Modern Plastic Surgery is celebrating its 100th birthday this year, but a lot has changed since it was first used by Harold Gillies on wounded soldiers during World War One. We explore how some of the treatments we know today first appeared and how our perception of cosmetic treatments has altered over the last century.
First things first – it’s important to note the word ‘modern’ plastic surgery. Treatments like blepharoplasty and rhinoplasty are thought to have first been performed as early as 600BC – albeit not as we know them. It was a common occurrence to have one’s nose or upper lips ‘regrafted’ using skin from elsewhere on the body, a tradition that continued until it was coined as “plastic surgery” (from the Greek plastikos – to be moulded) in the 1830s. Gillies, however, completely changed the face of the treatment in 1915 and began the roots of what we now know as plastic surgery treatments.
The injuries sustained by soldiers during WW1 battles were too severe to be treated using skin grafts. What Gillies created, instead, was something called the tube pedicle – a technique which involved cutting a strip of flesh from an unaffected area of the body, leaving one end attached, and rolling it into a tube before swinging it round to where the wound or disfigurement was. Antibiotics had not yet been invented, which is why whole grafts of flesh couldn’t simply be taken from elsewhere; using a tube not only kept the original blood supply intact, but also lessened this huge risk of infection, making it an amazing step forward in reconstructive surgery.
The advancement in possibilities was incredible, and Gillies’ techniques were further developed by his cousin and pupil Archibald McIndoe during the Second World War. This led to the practice becoming more wide spread outside the battlefield and, with no standard criteria for doctors to refer to themselves as plastic surgeons, ill-experienced practitioners began performing treatments which led to scarring, amputation, disfigurement and even death. It was from this that the first regulatory body for plastic surgery, the American Board of Plastic and Reconstructive Surgery (ASPRS), was formed. The aesthetic medical form then began to grow in its own right and the procedures we know today began to appear, with the first breast augmentation taking place in 1962 and screen icons like Marilyn Monroe and Rita Hayworth undergoing various forms of plastic surgery treatments.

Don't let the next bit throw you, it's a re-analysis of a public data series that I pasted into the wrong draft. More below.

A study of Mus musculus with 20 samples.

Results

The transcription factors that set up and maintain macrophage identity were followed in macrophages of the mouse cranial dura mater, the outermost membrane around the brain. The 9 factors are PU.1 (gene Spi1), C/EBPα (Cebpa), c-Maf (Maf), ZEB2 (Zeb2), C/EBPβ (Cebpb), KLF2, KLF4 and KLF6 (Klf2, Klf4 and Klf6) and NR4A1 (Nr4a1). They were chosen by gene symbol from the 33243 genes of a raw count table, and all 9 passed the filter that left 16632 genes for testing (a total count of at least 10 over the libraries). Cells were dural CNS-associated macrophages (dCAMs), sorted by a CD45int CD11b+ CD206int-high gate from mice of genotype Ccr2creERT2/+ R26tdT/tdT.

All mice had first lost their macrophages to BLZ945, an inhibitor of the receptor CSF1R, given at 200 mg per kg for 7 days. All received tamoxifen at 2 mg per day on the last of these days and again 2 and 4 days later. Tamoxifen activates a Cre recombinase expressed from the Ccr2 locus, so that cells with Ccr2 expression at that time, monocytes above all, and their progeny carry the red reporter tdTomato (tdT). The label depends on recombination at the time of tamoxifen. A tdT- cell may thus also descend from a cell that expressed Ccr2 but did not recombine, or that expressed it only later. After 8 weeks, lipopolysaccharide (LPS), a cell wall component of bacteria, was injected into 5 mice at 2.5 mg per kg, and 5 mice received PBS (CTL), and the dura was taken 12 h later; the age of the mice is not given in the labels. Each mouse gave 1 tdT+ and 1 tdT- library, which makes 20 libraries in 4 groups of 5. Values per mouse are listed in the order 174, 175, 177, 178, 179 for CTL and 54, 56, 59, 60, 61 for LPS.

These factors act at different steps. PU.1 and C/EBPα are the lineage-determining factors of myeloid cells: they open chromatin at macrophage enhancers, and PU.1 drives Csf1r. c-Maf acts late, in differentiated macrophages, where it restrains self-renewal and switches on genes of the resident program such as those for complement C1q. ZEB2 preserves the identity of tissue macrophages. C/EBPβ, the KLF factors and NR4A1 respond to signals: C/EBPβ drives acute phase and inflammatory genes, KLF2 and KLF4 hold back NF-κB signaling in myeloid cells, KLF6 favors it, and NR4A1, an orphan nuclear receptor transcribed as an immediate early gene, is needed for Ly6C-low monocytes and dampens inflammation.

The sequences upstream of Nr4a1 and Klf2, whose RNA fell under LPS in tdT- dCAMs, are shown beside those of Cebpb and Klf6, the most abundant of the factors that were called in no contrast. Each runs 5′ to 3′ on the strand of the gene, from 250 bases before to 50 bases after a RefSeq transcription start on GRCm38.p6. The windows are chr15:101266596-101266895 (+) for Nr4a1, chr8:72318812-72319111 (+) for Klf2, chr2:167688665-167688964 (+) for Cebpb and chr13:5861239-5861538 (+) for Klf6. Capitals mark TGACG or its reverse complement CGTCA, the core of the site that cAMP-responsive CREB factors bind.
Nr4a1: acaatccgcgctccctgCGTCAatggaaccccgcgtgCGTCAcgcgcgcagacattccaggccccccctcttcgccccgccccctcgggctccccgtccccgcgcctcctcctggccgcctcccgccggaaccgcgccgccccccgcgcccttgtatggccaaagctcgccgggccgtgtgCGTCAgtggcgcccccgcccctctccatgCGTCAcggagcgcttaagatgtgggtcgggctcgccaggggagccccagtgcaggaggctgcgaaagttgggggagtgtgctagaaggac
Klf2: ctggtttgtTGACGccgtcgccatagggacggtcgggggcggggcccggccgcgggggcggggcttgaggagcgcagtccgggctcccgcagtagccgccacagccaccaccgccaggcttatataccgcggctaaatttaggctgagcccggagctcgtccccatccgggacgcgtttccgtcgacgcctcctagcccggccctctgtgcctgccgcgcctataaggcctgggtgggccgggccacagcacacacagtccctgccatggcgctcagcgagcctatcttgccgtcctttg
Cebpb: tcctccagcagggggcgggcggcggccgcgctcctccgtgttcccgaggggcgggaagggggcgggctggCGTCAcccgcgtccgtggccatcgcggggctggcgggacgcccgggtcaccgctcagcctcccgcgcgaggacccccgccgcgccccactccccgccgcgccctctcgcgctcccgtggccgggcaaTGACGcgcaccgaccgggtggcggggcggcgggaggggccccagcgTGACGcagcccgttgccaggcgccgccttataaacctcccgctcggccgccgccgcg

Last year 20 million plastic surgery procedures were undertaken around the world, as well as many more non-surgical options. Modern developments have seen procedures become less-invasive and with far less risk, with many surgical treatments even performed under local anaesthetic (with sedation). Procedures like Fat Transfer are revolutionary walk-in walk-out options, and even Facelifts and Rhinoplasty now have non-surgical cousins as well as various different forms. 100 years on, ours is a very different world to Gillies’. The plastic surgery we know and recognise is a far cry from the pioneering technique the surgeon developed, and its popularity shows no signs of disappearing. There’s a host of treatments, both surgical and non-surgical, available for patients today. But there’s one thing that has remained the same – the importance of working with a highly recognised, specialist medical team. Regardless of what treatment you undergo or how simple it might seem, you’re only ever as safe as your surgeon.